The history of this land is far older than 150 years. Indigenous peoples have lived on this land since time immemorial. Confederation is also an effect of colonization. The last 150 years include residential schools, the Sixties Scoop, the ongoing Millennial scoop, murdered and missing women, unfair policing, unequal health care, education and child-welfare systems and exploitation of resources.

Over the next couple of months, as we build up to July 1, Teen Talk will be posting a series of Canada 150 posts of Indigenous art, poetry, blogs and videos that explore the other side of Canada’s birthday. Our goal is to share Indigenous peoples perspectives, experiences and history. Education is the first step towards decolonization and reconciliation for all the people who live on this land that we now call Canada.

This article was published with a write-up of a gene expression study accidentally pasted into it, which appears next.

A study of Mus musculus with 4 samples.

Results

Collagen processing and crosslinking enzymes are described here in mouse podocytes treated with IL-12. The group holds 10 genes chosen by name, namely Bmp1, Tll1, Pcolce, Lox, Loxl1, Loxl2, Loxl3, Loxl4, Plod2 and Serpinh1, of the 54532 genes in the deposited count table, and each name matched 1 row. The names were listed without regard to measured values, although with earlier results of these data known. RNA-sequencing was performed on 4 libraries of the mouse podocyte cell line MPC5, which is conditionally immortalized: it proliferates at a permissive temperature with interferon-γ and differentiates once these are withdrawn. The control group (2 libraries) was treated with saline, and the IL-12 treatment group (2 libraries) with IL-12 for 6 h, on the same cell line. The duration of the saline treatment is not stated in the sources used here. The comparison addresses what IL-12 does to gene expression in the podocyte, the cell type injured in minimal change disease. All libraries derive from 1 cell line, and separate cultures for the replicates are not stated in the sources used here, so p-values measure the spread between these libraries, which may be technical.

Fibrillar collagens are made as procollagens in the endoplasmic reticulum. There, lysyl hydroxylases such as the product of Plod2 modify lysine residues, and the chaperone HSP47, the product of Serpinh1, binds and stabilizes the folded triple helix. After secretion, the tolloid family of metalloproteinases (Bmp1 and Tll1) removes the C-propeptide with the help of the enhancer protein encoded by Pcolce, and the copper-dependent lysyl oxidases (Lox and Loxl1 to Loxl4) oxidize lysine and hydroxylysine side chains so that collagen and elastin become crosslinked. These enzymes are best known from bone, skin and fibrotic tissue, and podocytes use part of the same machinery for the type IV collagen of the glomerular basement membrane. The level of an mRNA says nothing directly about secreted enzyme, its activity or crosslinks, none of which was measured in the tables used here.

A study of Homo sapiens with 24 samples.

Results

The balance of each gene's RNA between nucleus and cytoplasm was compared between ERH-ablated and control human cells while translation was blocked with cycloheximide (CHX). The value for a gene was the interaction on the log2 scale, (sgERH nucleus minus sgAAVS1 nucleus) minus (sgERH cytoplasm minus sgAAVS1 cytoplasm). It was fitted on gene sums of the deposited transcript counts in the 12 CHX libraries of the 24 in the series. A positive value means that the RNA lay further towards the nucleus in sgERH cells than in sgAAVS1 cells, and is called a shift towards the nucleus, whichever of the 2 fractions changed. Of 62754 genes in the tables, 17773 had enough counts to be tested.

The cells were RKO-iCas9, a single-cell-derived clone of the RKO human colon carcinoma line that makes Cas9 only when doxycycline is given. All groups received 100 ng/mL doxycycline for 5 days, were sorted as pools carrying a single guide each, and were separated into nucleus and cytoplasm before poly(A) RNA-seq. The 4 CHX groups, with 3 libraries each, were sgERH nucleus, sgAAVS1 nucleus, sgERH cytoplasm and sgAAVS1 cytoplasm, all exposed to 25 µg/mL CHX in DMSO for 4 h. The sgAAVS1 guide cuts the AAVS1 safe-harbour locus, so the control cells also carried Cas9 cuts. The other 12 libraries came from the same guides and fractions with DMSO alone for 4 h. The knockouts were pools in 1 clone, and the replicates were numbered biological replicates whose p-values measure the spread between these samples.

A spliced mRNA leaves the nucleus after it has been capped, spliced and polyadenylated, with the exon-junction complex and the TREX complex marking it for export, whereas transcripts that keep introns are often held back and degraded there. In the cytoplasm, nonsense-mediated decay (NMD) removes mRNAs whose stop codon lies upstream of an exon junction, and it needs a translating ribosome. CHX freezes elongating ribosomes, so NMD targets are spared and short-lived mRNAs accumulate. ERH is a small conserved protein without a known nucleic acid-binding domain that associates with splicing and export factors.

We are starting things off by exploring how this conversation on Canada’s confederation is not new by looking at the poem Lament for Confederation by Chief Dan George about Canada’s 100 in 1967.

But first, a bit about the artist. Chief Dan George was from the Tsleil-Waututh. He was a residential school survivor where his original name Dan Slaholt was changed to Dan George. Chief Dan George was chief of Tsleil-Waututh Nation from 1951 to 1963 and  is most remembered for his poetry book My Heart Soars and his role as Old Lodge Skins playing opposite Dustin Hoffman in the movie Little Big Man, which earned him an Academy Award nomination for Best Supporting Actor in 1970.